On Synaesthesia & Individuality
I recently went to a Chopin concert in Wigmore Hall and at the interval, I met a lovely elderly couple — let’s call them Alfred and Gilda. “So you liked Chopin?” asked Alfred with great enthusiasm, “Nocturne in C minor especially? Yes, so do I – it is so beautifully orange.” My drink went down the wrong way, and as I coughed and apologised, trying to think what on earth I was going to say next, Gilda came to my rescue: “I apologise, my dear. Alfred likes to do this to people. He’s not senile, you know, he’s just a synaesthete.”
Synaesthesia is a phenomenon where the senses intermingle — a union of sensations that are normally experienced separately, such as sound and colour or vision and touch. The term synaesthesia is composed of ancient Greek syn for together/with and aesthesia, the perception of things. Most synaesthetes have strong colour associations with symbols such as numbers, letters, words or names. On one level, these signs function as a code carrying meaning in the same way as they do for non-synaesthetes, but on another level they function as a kind of anti-code, producing a universe of subjective sense associations.
The phenomenon was first recognised as a specific psychological and neural condition in the late 19th century and has baffled scientists ever since. Today the origins and exact mechanisms of synaesthesia are still relatively unknown: it appears to be genetic, but the way it takes shape in each person is different — even synaesthetic identical twins have different experiences. Some people develop synaesthesia after becoming progressively blind, which suggests that synaesthesia can also emerge in adulthood, as a result of a kind of ‘rewiring’ of the brain.
Sensations and feelings have a long history of being thorns in the side of philosophers and scientists. From Plato to Descartes, knowledge based on experience was only ever going to be relative and deceiving because our senses constantly betray us. (Think of a stick in running water, for example: it appears to bend while in reality it stays straight.) The mistrust of the senses was standard in philosophy until the early 20th century, when Husserl’s phenomenology (the study of phenomena) grew as a new branch of thought.
The deep-rooted view of the senses as something that hinder knowledge rather than add to it partly explains why the attitudes towards synaesthetes in the past were often demeaning and even hostile. People who shared their synaesthetic experiences were often viewed as eccentric, hypersensitive, over-imaginative or downright mentally unstable. Often they were also accused of taking drugs (some hallucinogenic drugs can cause mild, temporary synaesthesia).
In fear of being ridiculed, for example Jean Sibelius kept quiet about his secret and sacred colour universe that helped him to ‘paint’ his musical masterpieces. He would describe these experiences — such as always seeing F major as a green fireplace — to only to few of his closest confidants. Franz Liszt, in contrast, was less inhibited and used to amuse and baffle his orchestra by telling them to play “a deep violet, not so rose” or “a little bluer gentlemen, if you please”.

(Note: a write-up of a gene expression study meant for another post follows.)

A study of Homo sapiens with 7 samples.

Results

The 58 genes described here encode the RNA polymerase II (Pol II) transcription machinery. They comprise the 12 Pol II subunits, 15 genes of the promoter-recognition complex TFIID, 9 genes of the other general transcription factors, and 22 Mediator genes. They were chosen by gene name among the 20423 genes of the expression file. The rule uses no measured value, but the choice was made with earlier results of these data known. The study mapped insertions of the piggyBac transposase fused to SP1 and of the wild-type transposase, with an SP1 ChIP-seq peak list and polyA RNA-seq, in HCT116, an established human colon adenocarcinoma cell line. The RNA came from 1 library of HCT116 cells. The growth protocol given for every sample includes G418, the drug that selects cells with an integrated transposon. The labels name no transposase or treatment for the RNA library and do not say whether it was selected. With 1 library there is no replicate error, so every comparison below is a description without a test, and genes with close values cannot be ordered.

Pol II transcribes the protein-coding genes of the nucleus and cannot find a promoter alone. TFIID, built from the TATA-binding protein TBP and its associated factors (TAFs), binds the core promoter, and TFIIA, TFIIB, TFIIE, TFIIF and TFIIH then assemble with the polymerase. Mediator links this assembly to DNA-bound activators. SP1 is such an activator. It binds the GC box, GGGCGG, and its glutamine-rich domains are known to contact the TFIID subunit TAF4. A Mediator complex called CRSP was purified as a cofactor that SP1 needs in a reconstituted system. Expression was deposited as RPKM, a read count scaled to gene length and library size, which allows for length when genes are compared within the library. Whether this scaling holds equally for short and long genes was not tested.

Visualising music is one of the most frequent, or at least most frequently documented types of synaesthesia. In addition to Sibelius and Liszt, famous musical synaesthetes include Nikolai Rimsky-Korsakov, Duke Ellington, Stevie Wonder, Billy Joel, Tori Amos and Kanye West. For Duke Ellington his synaesthesia was an indispensable tool in creating some of the greatest jazz arrangements of the 20th century. As he explained it, “I hear a note by one of the fellows in the band and it’s one colour. I hear the same note played by someone else and it’s a different colour. If Harry Carney is playing, D is dark blue burlap. If Johnny Hodges is playing, G becomes light blue satin.”
Many artists have also used synaesthetic effect in their art without being synaesthetes themselves. Poets Rimbaud and Baudelaire both took great interest in synaesthesia and advocated the idea that all senses should intermingle. In Proust’s In Search of Lost Time, the mysterious and arbitrary unions of sense impressions take a centre stage in: it is things like the taste of a madeleine, the cling of a spoon against a coffee cup and uneven paving stones that yield to the Narrator intense and detailed flashbacks to his past. The ‘lost paradises’ are found by chance and momentarily accessed with the help of the senses, never through deliberate reminiscing. Perhaps for non-synaesthetes this type of association — where a sensation in the present triggers a sensation experienced in the past with absolute clarity — is the closest one can get to a synaesthete’s experience.
One interpretation of synaesthesia is that the synaesthetes experience on a conscious level what happens subconsciously to all of us. When you think about it, to experience a sound or a smell or a taste as purely just that (without any other sensory association), is actually pretty impossible. When I listen Chopin, my senses dance: Nocturne in C minor takes me to rainy summer nights in my homeland Finland where, in the absence of darkness (the sun hardly sets in the months of June and July) everything — the garden, the twilight, the smell of wet night air and the music that was playing — took on a deep fern-green hue. To me, Chopin is green rather than orange. When I told this to Alfred in Wigmore Hall, his response was: “Fair enough. Each to their own.”
If there is one thing the recent data on synaesthesia has clearly shown, it is the inaccuracy of the assumption that others’ direct perceptual experiences of the world are the same as our own. We are individual not only in our feelings, thoughts and actions but also in our basic sensuous experience of the world. We all have that anti-code, a rich realm of associations that is unique to us and difficult to explain to others — except perhaps in art.